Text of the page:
Back in 1820, Maine and Missouri were admitted to the Union in what was known as the Missouri Compromise.
Don Fambrough has always called it the Maine Compromise. Fambrough doesn't care much for Missouri, especially the university.
In fact, if you asked the former Kansas University football coach he'd probably tell you the U.S. has only 49 states. In Fambrough's revisionist history, Harry Truman was from far eastern Kansas, not Independence, Mo., and St. Louis is really in western Illinois.
Fambrough has been known to avoid the tiger cages during visits to zoos. It is also believed the last money Fambrough spent in the Show-Me State was a buffalo nickel.
"You can tell he has a strong dislike for Missouri " to put it mildly," KU defensive back Greg Erb said following the Jayhawks' 21-0 victory over Missouri on Saturday afternoon at Memorial Stadium.
Fambrough spoke to the KU players on Friday night -- he usually does before the Missouri game -- and dredged up every bad thing he could think of about Missouri, starting with Quantrill's raid and ending with last year's 41-23 loss to the Tigers in Columbia.
"You could see it in his face how much he hated Missouri," added free safety Carl Nesmith.
"Yeah, he told us old stories about Missouri," echoed defensive back Quincy Roe. "He hates those people. I'm glad he likes me, though."
Roe is from St. Louis. If you're from Missouri and matriculate to Mount Oread, you're OK in Fambrough's book.
Minutes after the game ended and the goalposts were headed for their customary post-biggie win graves in Potter Lake high up Campanile Hill, Fambrough and Terry Allen were hugging each other as they hurried toward the Kansas locker room.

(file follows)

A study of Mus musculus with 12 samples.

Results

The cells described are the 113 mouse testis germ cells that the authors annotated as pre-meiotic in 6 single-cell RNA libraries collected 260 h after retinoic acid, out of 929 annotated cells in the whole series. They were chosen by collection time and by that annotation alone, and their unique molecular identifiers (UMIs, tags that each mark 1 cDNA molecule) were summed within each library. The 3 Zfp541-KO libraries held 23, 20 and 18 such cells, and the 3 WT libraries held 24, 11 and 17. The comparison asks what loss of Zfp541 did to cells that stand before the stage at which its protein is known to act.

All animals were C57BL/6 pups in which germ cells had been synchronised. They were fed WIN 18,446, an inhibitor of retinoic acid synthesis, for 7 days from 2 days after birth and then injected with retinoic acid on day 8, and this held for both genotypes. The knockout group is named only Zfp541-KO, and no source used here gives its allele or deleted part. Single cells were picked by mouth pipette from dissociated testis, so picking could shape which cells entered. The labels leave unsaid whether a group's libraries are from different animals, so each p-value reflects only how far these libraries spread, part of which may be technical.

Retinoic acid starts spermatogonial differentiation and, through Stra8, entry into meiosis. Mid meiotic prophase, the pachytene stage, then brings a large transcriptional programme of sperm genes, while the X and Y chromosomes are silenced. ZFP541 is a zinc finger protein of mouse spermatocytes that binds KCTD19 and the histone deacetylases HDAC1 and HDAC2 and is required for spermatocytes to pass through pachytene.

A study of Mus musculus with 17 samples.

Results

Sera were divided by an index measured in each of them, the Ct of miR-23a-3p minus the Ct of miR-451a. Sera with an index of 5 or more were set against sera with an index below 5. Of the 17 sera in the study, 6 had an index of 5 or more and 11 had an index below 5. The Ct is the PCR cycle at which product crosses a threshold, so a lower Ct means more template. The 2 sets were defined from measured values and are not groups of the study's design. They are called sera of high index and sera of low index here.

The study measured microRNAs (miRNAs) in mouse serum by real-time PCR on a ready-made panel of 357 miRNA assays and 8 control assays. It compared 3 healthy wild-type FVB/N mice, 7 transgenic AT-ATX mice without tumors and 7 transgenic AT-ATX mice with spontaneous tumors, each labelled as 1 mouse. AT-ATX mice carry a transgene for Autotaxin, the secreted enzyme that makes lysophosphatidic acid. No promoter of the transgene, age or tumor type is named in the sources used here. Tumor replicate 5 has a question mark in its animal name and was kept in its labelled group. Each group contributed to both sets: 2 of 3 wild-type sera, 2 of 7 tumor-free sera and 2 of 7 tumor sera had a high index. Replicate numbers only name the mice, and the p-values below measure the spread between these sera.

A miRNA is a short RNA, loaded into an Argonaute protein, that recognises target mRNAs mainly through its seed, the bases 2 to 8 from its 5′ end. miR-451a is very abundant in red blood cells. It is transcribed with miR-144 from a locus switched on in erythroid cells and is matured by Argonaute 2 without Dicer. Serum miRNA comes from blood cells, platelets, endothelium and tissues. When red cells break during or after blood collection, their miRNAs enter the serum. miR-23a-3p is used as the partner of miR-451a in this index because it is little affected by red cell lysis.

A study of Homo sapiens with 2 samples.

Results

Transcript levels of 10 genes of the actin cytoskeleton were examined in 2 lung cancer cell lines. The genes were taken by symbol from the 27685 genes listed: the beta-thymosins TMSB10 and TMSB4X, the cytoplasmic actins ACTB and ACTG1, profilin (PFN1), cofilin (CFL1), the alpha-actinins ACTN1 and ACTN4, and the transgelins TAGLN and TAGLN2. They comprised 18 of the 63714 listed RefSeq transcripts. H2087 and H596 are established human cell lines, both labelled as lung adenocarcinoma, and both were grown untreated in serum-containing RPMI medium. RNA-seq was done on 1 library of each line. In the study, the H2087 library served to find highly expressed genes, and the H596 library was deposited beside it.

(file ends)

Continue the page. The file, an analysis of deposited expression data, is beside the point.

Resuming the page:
Once inside, the players began to chant Fambrough's name. Momentarily, Allen awarded Fam one of the game balls.
"I'm 77 years old," KU football's elder statesman told them, "and today I feel like I'm 18."
Fambrough, who was the Jayhawks' head coach from 1971-74 and again from 1979-82, had to be doubly pleased Kansas had posted only its second shutout victory over the Tigers since 1934. He wasn't even 18 then. He was 12 and didn't know a Jayhawk from a jaybird.
Fambrough was jolly, in large part, because the Kansas defensive secondary, stripped naked as you-know-whats most of the season, didn't surrender a pass longer than 20 yards on Saturday.
Last week, in the 34-17 loss to Texas A&M, the KU secondary was toasted repeatedly. On Saturday, the toastees were the toast of the town.
"It's something we knew we could do," said strong safety Kareem High, who forced two fumbles in addition to his solid pass coverage. "We put it together. This was a good time for the secondary to step up and we did."
It's about time, some would say. The Jayhawks couldn't have dropped much deeper in NCAA Div. I-A pass efficiency stats. They were No. 108 out of 114 after the A&M game.
"Our backs were against the wall," cornerback Muhammad Abdul-Rahim said. "We were getting dogged."
Not that the defensive backs were taking all the credit.
"The d-line played great," Roe said. "They sent the house at them. Dion (Johnson) was creating havoc. And the linebackers were dropping back, too."
Nesmith, making his first career start at free safety, led the Jayhawks with eight tackles, including a couple of big hits.
"We kinda took it personal because people had been shooting down our secondary," Nesmith said.
Actually, it was more like opposing quarterbacks shooting fish in a barrel. Not this time. Not Saturday. The fish shot back.
-- Chuck Woodling's phone message number is 832-7147. His e-mail address is email@example.com.